Thursday, September 30, 2004

A Small Sample of Voters

If you wonder how people can vote against their interests year after year, or if you wonder how politicians can make completely bogus statements without fear of being called on them, you're not alone. Especially in this election year, when the stakes are so high for all of us, individually and collectively as a nation, the logical person would think that voters would make themselves smarter.

The logical person would think so. They would, however, be wrong.

  • On the morning drive-time radio show my wife likes to listen to, the female in the duo is a Republican and likes to make herself sound well informed - as you'd like to be if you were spouting off every morning on the radio. This morning however, after being informed that about 1 in 4 viewers of the Presidential debates change their minds afterwards, she said "do you think 1 in 4 people watch the debates?" She had absolutely no idea that her concept of the statistics involved were completely wrong.

  • Two of my co-workers were speaking, one of whom is a rare Democrat in the office. She was speaking with the other person about recent events in the news and he replied that he didn't watch the news. My Democratic friend, incredulous, asked if he intended to vote and he replied, "of course." But he was nonplussed when asked how he could vote if he knew nothing about the issues. When pressed, he admitted that he was going to vote Republican because, "I've always voted that way and my family votes Republican."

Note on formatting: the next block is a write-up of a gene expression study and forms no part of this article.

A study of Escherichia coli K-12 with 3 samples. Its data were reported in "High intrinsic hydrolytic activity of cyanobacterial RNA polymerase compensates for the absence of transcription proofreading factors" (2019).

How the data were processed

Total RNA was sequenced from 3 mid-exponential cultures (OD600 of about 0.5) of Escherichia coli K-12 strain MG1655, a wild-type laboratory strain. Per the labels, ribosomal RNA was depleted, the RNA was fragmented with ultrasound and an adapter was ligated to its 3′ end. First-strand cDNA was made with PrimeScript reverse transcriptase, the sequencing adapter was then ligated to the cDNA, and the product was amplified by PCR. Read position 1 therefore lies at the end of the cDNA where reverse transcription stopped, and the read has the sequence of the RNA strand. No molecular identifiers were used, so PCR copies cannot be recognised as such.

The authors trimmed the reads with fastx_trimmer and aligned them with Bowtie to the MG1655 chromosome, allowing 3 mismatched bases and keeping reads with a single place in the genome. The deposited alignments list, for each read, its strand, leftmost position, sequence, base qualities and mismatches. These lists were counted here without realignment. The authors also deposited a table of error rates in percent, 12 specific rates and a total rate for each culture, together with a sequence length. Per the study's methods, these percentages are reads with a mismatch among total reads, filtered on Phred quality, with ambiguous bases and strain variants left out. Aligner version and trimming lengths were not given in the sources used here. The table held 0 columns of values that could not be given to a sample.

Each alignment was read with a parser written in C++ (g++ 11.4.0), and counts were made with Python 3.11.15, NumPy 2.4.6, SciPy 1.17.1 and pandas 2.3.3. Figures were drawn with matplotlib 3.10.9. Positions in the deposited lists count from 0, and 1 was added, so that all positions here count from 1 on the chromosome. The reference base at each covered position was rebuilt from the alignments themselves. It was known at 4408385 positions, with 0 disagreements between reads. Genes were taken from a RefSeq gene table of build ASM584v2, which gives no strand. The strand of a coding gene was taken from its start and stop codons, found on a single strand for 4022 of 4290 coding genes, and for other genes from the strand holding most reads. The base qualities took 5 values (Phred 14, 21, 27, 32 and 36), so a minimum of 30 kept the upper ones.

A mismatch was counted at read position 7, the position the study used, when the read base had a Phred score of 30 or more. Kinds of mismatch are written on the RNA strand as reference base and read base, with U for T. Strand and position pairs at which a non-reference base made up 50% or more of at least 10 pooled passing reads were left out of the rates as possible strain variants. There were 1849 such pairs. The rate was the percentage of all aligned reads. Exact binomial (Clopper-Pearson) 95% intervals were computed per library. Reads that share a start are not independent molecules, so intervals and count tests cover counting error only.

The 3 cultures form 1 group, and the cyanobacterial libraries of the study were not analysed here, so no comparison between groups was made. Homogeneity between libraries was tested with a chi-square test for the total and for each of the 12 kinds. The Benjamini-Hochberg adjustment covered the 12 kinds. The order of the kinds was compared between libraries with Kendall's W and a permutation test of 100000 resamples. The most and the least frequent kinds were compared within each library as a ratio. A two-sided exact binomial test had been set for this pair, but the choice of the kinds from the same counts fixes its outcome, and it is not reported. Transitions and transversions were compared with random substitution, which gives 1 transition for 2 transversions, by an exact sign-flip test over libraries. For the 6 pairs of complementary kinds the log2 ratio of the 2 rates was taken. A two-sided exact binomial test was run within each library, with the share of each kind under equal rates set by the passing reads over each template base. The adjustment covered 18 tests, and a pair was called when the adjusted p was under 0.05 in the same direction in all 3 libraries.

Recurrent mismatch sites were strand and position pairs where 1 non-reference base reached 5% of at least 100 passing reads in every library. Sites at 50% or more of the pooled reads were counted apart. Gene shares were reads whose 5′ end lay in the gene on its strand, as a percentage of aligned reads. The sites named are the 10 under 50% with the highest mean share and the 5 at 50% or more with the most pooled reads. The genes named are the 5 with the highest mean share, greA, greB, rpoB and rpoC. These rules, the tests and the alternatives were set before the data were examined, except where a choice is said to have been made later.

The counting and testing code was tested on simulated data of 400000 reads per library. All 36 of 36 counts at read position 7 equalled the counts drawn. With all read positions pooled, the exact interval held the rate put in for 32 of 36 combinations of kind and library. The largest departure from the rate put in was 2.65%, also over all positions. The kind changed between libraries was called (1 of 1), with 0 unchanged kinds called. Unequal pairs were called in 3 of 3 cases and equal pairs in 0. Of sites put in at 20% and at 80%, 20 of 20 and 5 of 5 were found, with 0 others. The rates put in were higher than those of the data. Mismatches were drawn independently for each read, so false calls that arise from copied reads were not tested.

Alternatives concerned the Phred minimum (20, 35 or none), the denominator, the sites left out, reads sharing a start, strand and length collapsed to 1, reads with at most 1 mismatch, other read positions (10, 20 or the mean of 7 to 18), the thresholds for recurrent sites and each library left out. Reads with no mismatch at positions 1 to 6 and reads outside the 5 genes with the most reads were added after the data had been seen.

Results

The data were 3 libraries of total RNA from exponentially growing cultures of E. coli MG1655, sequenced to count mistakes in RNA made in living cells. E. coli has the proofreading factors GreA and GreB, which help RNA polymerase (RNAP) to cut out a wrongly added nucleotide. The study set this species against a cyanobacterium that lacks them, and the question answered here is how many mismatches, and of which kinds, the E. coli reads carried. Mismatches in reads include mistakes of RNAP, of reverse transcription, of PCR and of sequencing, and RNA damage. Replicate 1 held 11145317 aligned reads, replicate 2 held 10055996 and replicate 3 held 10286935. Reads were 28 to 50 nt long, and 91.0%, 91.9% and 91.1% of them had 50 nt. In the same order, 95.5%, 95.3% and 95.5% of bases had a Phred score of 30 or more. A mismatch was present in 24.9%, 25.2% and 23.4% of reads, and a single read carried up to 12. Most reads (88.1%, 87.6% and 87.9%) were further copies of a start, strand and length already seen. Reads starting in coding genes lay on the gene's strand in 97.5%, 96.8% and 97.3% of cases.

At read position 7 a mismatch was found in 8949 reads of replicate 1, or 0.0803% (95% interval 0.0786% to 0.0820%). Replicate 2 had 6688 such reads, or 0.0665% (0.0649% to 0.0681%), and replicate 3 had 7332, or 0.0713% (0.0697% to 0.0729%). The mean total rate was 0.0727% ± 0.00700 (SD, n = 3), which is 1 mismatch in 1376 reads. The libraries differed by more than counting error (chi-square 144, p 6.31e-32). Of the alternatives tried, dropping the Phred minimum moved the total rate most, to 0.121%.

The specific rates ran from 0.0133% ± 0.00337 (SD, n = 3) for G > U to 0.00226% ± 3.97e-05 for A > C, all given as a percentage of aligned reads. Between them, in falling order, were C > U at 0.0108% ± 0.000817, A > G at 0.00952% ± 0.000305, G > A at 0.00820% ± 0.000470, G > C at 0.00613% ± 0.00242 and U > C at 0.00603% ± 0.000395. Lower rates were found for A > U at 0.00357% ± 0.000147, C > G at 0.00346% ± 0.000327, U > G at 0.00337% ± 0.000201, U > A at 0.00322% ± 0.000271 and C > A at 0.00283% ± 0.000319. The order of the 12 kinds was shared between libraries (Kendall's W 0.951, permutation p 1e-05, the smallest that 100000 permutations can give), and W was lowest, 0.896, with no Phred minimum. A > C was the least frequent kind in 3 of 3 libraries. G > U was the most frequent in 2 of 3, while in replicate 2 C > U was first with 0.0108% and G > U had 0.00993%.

This is, admittedly, a small sample. But it is representative of the intellectual laziness of many people. This is what we are up against. How do you get people interested in the process and the issues when they are too lazy to educate themselves in the basics?

I know I'm preaching to the choir, here. But rather than pound my head on my desk - as I've been doing way too often lately - I thought I'd rant a little.

Do you have similar stories? Leave them in the comments.